Words by: Jonathon Davidson
A cashless welfare card trial is set to go ahead in Geraldton despite community backlash and rejection in all trialed towns so far, making this trial the first one to happen outside of a rural Aboriginal community. All previous trials have been restricted to isolated communities in South and West Australia, which means Geraldton will be the first trial site with an urban population.
The cards restrict 80% of a welfare recipient’s payment to strictly virtual currency, meaning that only 20% of that payment can be withdrawn from an ATM in the form of cash. This is meant to curtail drug and alcohol abuse. It doesn’t curtail drug and alcohol abuse.
In a South Australian community, over 800 residents were put onto the involuntary cashless welfare card system, but only a maximum of 80 residents were actually alcoholics.
The move to run a cashless welfare card trial in Geraldton has not been met with overwhelming glee. Geraldton Regional Aboriginal Medical Service chairman Sandy Davies told ABC reporters that the Federal Government should “put it in an envelope and send it overseas,” which you will note is a wry burn impossible to come back from. Reportedly, the entire Aboriginal community of Geraldton have rejected the card, and a number of advocacy groups (including The Greens) have also called for rejections of the trial across Australia.
What is framed as an innovative and 2016-savvy strategy to curve the great societal harms of gambling and alcoholism among the poor, has been widely condemned for what it actually is: a thinly veiled experiment on disadvantaged populations designed by policy makers who are more or less analogous in worldview to the shoguns of isolationist Japan trying to figure out why peasantries rebel in the first place.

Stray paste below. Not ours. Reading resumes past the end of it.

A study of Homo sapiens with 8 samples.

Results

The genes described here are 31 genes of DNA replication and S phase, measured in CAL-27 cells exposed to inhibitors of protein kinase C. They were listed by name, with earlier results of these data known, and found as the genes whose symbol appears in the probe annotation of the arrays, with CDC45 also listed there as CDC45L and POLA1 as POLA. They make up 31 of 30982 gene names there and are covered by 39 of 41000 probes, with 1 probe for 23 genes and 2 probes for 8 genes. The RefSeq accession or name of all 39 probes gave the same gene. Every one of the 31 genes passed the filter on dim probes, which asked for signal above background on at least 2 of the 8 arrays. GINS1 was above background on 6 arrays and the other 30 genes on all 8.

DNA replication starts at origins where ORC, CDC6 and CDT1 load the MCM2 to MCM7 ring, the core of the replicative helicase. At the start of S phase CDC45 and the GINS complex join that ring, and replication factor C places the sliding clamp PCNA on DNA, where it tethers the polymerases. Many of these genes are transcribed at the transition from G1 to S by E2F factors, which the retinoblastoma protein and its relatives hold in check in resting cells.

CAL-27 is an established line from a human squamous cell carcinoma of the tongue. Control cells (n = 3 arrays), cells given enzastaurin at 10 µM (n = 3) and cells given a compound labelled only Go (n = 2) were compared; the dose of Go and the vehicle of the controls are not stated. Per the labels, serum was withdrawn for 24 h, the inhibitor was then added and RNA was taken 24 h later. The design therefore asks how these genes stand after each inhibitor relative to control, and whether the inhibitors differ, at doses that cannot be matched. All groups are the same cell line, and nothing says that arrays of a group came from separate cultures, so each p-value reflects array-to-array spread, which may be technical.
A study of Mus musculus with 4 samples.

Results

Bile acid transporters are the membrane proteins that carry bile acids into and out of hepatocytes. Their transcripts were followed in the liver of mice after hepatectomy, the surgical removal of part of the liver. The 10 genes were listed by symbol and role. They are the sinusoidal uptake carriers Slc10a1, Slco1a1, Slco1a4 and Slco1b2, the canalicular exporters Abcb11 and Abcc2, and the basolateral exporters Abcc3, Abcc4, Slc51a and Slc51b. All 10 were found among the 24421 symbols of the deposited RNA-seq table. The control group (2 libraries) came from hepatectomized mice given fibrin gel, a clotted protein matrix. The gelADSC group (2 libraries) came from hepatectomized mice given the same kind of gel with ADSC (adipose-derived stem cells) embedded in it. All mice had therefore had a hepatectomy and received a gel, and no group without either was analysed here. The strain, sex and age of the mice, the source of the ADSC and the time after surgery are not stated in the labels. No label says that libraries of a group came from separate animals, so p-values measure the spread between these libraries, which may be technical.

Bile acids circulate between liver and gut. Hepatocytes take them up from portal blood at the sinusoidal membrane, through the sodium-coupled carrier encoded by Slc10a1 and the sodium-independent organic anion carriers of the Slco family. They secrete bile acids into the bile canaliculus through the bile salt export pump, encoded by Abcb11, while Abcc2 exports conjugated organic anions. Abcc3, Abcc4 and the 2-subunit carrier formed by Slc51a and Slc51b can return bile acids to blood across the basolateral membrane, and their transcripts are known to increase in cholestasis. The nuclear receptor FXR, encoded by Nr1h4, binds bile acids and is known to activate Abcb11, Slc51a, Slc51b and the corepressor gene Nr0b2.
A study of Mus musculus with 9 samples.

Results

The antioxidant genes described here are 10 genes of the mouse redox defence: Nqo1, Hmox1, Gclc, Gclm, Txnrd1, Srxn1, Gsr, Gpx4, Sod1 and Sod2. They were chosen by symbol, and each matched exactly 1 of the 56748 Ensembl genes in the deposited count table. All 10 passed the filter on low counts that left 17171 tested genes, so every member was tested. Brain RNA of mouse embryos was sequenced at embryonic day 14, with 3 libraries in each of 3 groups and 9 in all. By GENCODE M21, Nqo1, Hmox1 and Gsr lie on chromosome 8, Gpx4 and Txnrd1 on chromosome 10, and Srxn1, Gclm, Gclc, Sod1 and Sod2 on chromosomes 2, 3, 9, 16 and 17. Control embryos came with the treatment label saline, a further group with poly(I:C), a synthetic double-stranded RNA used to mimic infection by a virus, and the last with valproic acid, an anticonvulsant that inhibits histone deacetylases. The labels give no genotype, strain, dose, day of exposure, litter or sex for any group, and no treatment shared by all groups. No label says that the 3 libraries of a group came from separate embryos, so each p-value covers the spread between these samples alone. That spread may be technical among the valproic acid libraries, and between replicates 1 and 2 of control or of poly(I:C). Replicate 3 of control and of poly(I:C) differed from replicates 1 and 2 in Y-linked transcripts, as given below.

Let’s be safe: drug and alcohol abuse, as well as gambling addiction, do lead to harm and the neglect of children, permeating an endless cycle of human despair – I’m not saying they don’t, I’m not saying it doesn’t happen, I’m not saying that the Government has no role in intervening in rural communities. Calm down.
There is heaps of data out there though proving that our perceptions of addiction and criminal behaviour among welfare recipients are far worse than what is actually going on. Welfare rates fell nationally last year, with 2015 continuing the steady decrease. Crime rates are dropping nationally, the cost of living is slowly getting better – largely moronic budgets be damned – and things quite simply are not so bad that an involuntary cashless welfare card trial for everbody receiving welfare in selected communities is the only answer.
In short, Geraldton will prove to be an interesting trial site.
So where did these trial cards come from? In the last year or so, there have been a lot of articles about cashless welfare cards published in Australia online and in the papers.
While in retrospect it’s likely that welfare card trials were kept on the downlow but anticipated by relevant ministers for years, it seems that what started out as an outlandish conservative notion in the beginning of 2015 became a full fledged governmental intention by the end of 2015, with Government trials launching this month in South Australia – Wyndham and Kununurra in WA were the first to be trialed.
The cashless welfare card is also the brainchild of mining executive Andrew Forrest who dabbles in politics, so y’know – go figure.